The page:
This section provides an overview of how to keep your version of the Cloud Client Libraries for Node.js up-to-date with ongoing releases of Node.js. The Cloud Client Libraries for Node.js release schedule trails the Node.js release schedule.
For new development
New feature development uses the Active LTS described in the Node.js release schedule. Node.js Client libraries are also tested against all Maintenance LTS versions.
When starting a new project, choose the current Active LTS. If this version is not yet available on your chosen runtime, a Maintenance LTS version should be your second choice.
Keeping production systems current
Keeping your production systems on supported Node.js runtimes is the best way to ensure that you receive critical security and bug fixes. After a Node version goes end-of-life, the runtime will no longer receive critical updates.
Client libraries increment a major version when ending support for a Node.js runtime. An attempt is made to keep other breaking changes minimal. When a new major version of a library becomes available and ends support for your Node.js runtime, be sure to upgrade your runtime to a supported LTS version of Node.js, and upgrade your dependency. For more information, see Semantic Versioning.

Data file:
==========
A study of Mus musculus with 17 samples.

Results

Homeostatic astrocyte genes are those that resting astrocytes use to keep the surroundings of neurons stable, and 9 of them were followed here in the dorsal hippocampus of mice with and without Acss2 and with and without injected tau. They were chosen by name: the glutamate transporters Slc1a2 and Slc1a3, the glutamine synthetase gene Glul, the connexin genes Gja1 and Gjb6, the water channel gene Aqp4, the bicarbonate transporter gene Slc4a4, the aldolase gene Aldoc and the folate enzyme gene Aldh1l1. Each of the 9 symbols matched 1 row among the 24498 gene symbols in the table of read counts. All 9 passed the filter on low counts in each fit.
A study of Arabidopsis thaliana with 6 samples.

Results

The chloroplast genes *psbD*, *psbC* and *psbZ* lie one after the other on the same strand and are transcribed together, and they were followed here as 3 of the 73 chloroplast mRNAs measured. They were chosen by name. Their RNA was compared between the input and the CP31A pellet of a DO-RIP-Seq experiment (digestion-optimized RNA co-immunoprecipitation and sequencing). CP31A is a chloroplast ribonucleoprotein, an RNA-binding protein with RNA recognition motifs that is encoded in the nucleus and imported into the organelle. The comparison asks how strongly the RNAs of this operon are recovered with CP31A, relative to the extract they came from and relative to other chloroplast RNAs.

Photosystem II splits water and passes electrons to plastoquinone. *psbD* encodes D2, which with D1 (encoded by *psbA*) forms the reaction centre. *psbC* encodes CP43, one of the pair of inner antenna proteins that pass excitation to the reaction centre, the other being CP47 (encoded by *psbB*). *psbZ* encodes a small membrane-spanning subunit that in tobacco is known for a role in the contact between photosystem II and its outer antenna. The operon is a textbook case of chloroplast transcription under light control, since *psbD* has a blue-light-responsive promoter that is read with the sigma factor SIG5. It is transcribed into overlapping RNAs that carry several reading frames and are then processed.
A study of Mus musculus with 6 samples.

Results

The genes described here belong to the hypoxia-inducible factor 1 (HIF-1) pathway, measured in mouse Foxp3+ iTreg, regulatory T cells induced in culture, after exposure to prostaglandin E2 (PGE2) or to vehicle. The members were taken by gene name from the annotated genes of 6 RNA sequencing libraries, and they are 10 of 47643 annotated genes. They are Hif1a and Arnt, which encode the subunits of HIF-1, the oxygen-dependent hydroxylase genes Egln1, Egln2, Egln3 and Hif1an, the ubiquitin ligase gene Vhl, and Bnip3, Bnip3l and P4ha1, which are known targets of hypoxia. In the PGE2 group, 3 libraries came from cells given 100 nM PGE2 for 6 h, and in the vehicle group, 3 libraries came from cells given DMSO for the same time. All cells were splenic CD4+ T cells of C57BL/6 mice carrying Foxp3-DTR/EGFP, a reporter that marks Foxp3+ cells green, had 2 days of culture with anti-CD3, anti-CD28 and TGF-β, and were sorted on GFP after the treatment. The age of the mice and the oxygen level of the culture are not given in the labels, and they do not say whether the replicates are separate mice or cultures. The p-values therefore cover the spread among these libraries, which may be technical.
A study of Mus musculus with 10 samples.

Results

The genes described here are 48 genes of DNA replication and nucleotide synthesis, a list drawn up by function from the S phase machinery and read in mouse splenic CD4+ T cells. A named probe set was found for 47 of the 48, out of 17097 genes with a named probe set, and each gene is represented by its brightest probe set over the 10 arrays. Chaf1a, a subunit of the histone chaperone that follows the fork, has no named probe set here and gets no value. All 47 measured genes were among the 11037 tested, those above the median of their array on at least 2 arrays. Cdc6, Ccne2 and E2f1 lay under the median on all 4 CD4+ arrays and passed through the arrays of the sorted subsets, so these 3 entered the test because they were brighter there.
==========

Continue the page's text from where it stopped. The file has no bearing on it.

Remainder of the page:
Google's client libraries support legacy versions of Node.js runtimes on a best effort basis because it may not be possible to backport all patches. When possible, critical patches and bug fixes are released to prior major Node.js library versions.
Where to find version information
The latest versions and supported Node.js versions for Google Cloud libraries appear in the individual GitHub repositories for client libraries. You can also find a table of libraries that interact with individual Google Cloud services on the GitHub Google Cloud Client Library for Node.js page.